Rich and I are very lucky bunnies. A few weeks ago mum and dad-in-law (Cyn and Pete) very kindly invited us to stay with them for a week in a holiday cottage in the North Highlands of Scotland. As Pete was already up in Scotland
drinking and putting the world to rights salmon fishing with some friends, we decided that it would make sense to split the journey and stop off in Perth for a night. Rich and Pete could then go off and do rally things the following day, whilst Cyn and I did nice things and got to the cottage ahead of them so that we could explore and get sorted, before chaos arrived.
Scotland is very much its own country. Even the motorway signs are different. As we entered Scotland on the M74 the first sign read “Use correct child seat”. As Cyn said, it’s a bit late if the poor kid is already strapped in to some sort of chair – the parents aren’t exactly going to pull over on the hard shoulder and put the child in the boot. Cyn didn’t say that bit about the boot, I thought it. Cyn is a retired nurse and so would never put children in a car boot. I’m sure Pete wouldn’t either, although I have heard that there were dodgy goings on involving a sledge, a rope, a slowly moving car and naughty children on snowy roads a few decades ago.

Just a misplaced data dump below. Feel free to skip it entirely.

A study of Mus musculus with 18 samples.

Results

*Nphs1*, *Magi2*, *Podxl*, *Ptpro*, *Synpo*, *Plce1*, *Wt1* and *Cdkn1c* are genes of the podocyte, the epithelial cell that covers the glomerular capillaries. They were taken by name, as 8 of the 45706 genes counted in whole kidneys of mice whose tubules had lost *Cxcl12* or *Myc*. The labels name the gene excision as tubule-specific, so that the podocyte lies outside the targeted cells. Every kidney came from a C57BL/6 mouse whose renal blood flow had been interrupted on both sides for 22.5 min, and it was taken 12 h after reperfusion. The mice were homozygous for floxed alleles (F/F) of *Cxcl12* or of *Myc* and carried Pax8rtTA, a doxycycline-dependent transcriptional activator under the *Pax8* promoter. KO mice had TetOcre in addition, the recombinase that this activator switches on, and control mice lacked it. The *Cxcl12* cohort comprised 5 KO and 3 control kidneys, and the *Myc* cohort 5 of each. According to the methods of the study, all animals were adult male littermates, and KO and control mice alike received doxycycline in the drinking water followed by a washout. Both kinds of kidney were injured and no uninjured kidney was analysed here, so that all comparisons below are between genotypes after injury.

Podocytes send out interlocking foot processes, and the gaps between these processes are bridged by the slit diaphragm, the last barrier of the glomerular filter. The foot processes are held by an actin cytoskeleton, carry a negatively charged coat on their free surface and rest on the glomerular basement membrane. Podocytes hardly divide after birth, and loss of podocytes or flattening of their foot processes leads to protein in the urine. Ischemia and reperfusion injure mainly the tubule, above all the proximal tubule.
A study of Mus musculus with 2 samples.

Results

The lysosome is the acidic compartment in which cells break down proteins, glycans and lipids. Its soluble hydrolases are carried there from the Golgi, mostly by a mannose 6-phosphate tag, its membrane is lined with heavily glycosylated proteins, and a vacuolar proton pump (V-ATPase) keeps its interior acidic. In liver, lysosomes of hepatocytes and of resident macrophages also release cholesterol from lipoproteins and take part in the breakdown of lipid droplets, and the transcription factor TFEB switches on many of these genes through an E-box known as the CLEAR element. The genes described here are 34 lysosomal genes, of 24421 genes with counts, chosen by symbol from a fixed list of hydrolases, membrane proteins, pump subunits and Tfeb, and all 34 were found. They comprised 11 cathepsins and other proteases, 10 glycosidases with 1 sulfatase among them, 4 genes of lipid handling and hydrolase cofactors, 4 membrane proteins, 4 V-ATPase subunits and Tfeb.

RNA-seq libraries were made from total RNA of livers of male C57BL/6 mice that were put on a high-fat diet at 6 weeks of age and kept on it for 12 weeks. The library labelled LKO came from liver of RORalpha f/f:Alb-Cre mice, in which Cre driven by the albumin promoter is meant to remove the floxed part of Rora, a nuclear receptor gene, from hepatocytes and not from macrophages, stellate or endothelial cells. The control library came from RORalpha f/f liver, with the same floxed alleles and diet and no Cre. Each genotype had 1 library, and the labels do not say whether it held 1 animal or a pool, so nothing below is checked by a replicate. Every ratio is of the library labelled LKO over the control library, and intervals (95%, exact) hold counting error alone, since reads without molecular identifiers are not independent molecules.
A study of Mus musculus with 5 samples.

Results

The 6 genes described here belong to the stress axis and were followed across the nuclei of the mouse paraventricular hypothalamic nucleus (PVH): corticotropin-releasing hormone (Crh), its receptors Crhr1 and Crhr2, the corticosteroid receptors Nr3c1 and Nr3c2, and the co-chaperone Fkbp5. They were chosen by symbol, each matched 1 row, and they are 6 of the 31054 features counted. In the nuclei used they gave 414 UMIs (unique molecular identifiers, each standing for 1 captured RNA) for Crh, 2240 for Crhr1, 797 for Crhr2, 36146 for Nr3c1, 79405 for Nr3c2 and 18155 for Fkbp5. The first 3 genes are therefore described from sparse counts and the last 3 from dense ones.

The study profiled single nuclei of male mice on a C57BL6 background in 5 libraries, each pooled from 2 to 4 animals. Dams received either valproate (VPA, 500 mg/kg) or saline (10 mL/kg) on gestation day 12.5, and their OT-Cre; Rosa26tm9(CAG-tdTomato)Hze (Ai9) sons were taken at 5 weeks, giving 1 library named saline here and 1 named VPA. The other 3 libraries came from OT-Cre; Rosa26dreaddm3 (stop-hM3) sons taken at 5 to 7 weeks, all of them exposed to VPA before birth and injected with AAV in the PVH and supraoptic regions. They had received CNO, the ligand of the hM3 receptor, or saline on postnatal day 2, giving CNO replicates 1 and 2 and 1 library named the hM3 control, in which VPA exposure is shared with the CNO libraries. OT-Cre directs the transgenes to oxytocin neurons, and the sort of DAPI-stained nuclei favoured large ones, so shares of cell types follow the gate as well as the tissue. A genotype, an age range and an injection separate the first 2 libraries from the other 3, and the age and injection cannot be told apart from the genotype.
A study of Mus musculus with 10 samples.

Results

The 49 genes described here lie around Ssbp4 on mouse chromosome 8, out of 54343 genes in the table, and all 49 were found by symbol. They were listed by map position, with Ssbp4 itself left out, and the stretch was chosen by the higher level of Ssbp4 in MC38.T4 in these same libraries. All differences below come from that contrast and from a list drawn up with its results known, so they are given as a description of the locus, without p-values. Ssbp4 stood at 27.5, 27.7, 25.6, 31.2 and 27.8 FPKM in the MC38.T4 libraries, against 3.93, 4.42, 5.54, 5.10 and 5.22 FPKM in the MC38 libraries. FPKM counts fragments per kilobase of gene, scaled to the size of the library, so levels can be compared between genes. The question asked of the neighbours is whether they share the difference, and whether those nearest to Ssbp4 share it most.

Sadly the signs returned to the usual “Don’t take drugs and drive!” a few miles down the road, but the scenery had already distracted Rich and I. It’d been too long since we were last in Scotland, and we’re a great fan of ‘staycations’. Scotland really is a special place. It very much has its own unique identity what with the landscape and food, and whilst the people are friendly they’re not overbearingly so and keep their distance. Not like in Wales where you get lots of nosey parkers. I’m Welsh so I can get away with saying things like that.
Four hours after leaving Cumbria we arrived at the Broxden Travel Lodge – just outside Perth. The rooms are large, cheap and there’s a Harvester next door for dinner. We even had a view of a patch of green rather than the usual car park, and there was a bar of soap in the bathroom. What more do you need, especially when dinner for four only cost £31! I chose the mini ribs as I know that standard sized portions are ginormous, Rich and Pete both had the ‘signature’ fish and chips, and Cyn the chicken with jacket potato. With as much salad as you can carry over (again and again) from the salad bar, we were all quietly impressed. Good food, no faff, quick service and value for money. And some of the other male diners were wearing kilts, and no one batted an eyelid. Although I did try and fail to take a sneaky photograph.
By 9.30pm we were all tucked up in our family sized rooms, conserving our energy for the remainder of the journey oop north tomorrow. We’d only been away from home one night – having stopped off in Cumbria en route from where Rich and I live, but already we were enjoying the experience.